As Australia's economic recovery strides ahead of ours, Kiwis wanting career opportunities and financial reward would be better off going there next year.

Official statistics show that Australians enjoy incomes one-third higher than New Zealanders do, and some market-watchers predict that as our neighbour comes out of the slow-down faster than New Zealand, the gap will increase to around 40 per cent.

Australian growth has not been based on debt-fuelled consumption as New Zealand's has, so it hasn't undergone the same economic adjustment and is recovering strongly.

ANZ economist Cameron Bagrie says the breeze behind Australia's back is China's demand for its natural resources. The strength of its economy, underpinned by its resources boom, is a great lure amid a world still recovering from recession, says demographer Bernard Salt.

One of only two countries in the developed world to post growth figures for the past financial year, Australia is now experiencing a record population increase.

In the year to October, 21,200 Kiwis left for life in the lucky country, compared with 34,600 the previous year.

The annual outflow to Australia has been decreasing since the record highs of 35,400 in the years to last December and January this year.

Bagrie expects trans-Tasman departures next year to climb back to 30,000.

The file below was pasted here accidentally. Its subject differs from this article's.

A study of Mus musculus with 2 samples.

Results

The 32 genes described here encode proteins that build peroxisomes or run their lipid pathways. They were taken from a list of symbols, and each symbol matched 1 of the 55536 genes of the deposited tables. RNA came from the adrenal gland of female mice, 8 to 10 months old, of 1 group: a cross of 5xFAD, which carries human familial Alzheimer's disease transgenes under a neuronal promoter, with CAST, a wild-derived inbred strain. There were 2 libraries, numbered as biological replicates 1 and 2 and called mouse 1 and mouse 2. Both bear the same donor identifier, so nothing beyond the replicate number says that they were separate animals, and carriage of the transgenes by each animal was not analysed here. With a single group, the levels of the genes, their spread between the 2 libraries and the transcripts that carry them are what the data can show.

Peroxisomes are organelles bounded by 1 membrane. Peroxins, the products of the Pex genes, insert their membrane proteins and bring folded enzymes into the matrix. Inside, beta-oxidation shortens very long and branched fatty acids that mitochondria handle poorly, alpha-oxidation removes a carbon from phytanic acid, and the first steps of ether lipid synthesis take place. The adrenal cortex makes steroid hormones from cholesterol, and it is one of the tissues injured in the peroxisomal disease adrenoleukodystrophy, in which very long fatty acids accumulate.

Around 450,000 Kiwis live in Australia already. The perky Australian labour market, with its unemployment rate at 5.7 per cent compared with New Zealand's 6.5 per cent, will be the big determinant of migration flows next year.

A severe talent shortage could develop in Australia, says Greg Savage, chief executive of global staffing company Aquent.

Better job opportunities will push up salaries, Savage says, and Kiwi migrants will be among those who benefit.

"Historically, Australian employers have been very quick to hire New Zealanders and go to New Zealand to recruit and advertise."

But comparing living standards between the two countries is not straightforward.

Richard Bedford, director of the population studies centre at Waikato University, says costs such as accommodation may not be comparable.

A job and twice the pay

Kiwi couple John Young and Jane Reynolds arrived in Melbourne eight weeks ago, following nine months of fruitless job hunting in Auckland after a seven-year stint in the UK.

They work in advertising and have both landed jobs through looking online.

Young is working at the Fuel agency: "I went for an interview on the Friday and started on the Monday."

The pay is "scarily different", he says. "I was on fairly good money in London and was in for a massive shock when I came back to New Zealand. I was earning £45,000 a year, which is more than $100,000. To do the same job in New Zealand you'd be offered $40,000.

"Auckland just seemed to offer no money at all. Now I've come to Australia, I'm on AU$71,000 ($88,600)."

Young also found Kiwi employers were not interested in overseas experience.

The couple are renting a one-bedroom apartment 15 minutes' drive from downtown Melbourne for $1000 a month. He says grocery costs are higher than in New Zealand.

They envisage being in Melbourne for a few years but would ultimately like to return to New Zealand.